Sponsored by the U.S. Department of Energy Human Genome Program
Human Genome News Archive Edition
Human Genome News, November 1992; 4(4)
GnomeView, developed by Richard Douthart's team at Pacific Northwest Laboratory (PNL) is undergoing beta testing as a user interface to access information generated by the Human Genome Project. GnomeView provides graphical and textual styles of data presentation and displays color representations of genomic maps for review, analysis, and manipulation. It supports both chromosome and DNA sequence maps with data from Genome Data Base and GenBank, respectively. The standard representation of a chromosome map in GnomeView is a stylized depiction of the chromosome's banding pattern. DNA sequence is represented as a number line with features from GenBank as regions and the base pairs as tick marks or letters. GnomeView also provides density maps, a type of color-coded histogram indicating the distribution of objects over an associated genomic map.
GnomeView addresses the problem of moving among databases by using cross references to achieve smooth transition across databases and among different levels of data. Given a GDB locus, for example, GnomeView can retrieve all the associated GenBank sequences, and vice versa. Another unique feature is the ability to magnify any region and scroll maps interactively in either direction. Overlapping labels become separable as the magnification increases. Regions, tick marks, and letters are color coded so that patterns can be discerned more easily. The GnomeView window-based query interface allows the user to specify complex queries through the use of buttons and menus, with minimal text entry.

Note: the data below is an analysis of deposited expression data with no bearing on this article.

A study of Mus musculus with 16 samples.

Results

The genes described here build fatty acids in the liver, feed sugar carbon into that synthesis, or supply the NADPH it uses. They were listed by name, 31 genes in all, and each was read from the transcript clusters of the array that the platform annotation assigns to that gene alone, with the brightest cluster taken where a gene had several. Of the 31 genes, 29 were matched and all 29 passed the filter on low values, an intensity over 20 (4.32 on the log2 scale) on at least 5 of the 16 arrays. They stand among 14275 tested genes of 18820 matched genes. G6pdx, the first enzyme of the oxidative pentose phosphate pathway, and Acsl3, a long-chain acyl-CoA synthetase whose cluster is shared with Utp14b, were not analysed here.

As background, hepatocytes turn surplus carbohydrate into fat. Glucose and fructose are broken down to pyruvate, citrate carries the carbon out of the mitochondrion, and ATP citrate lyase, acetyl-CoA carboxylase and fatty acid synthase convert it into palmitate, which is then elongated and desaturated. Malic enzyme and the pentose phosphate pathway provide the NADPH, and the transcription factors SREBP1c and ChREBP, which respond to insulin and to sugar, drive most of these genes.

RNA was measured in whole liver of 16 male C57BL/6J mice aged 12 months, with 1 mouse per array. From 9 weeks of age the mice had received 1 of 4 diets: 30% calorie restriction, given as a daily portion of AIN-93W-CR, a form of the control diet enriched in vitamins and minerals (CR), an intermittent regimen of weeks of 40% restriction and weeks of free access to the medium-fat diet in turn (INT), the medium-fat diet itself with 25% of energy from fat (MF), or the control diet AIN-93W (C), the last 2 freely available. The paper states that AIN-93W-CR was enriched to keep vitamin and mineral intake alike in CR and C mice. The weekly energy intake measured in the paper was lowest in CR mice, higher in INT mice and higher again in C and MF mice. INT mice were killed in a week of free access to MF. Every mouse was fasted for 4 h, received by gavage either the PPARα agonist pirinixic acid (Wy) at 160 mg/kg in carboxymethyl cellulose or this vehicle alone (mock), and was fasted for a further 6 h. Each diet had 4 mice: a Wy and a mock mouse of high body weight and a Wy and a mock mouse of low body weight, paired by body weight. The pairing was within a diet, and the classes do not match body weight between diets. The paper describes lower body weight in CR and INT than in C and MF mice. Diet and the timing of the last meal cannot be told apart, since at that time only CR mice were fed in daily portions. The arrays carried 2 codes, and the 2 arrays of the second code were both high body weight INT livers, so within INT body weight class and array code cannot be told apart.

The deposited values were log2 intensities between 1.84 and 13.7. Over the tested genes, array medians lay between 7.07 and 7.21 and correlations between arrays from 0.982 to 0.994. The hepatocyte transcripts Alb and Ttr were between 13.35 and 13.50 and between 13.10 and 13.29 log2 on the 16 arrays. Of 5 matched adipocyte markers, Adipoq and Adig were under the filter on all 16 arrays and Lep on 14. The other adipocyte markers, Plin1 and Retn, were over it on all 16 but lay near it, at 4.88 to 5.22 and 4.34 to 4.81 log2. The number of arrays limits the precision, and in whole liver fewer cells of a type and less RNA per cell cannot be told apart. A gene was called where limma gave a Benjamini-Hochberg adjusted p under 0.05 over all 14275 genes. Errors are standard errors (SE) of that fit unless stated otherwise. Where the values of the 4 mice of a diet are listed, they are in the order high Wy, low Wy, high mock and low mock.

ASCII flat files are downloaded from the public databases to a local disk via anonymous FTP over the Internet. The local GnomeView database is then loaded from these flat files. The user interacts with the local GnomeView database via a graphical user interface.
GnomeView will be demonstrated at the February DOE Contractor-Grantee meeting in Santa Fe, New Mexico, and will be available to the general community in 1993. For more information, contact Richard Douthart; Life Sciences Center; PNL; Richland, WA 99352 (509/375-2653, Fax: 509/375-3649, Internet: email@example.com).
The electronic form of the newsletter may be cited in the following style:
Human Genome Program, U.S. Department of Energy, Human Genome News (v4n4).
The Human Genome Project (HGP) was an international 13-year effort, 1990 to 2003. Primary goals were to discover the complete set of human genes and make them accessible for further biological study, and determine the complete sequence of DNA bases in the human genome. See Timeline for more HGP history.
Published from 1989 until 2002, this newsletter facilitated HGP communication, helped prevent duplication of research effort, and informed persons interested in genome research.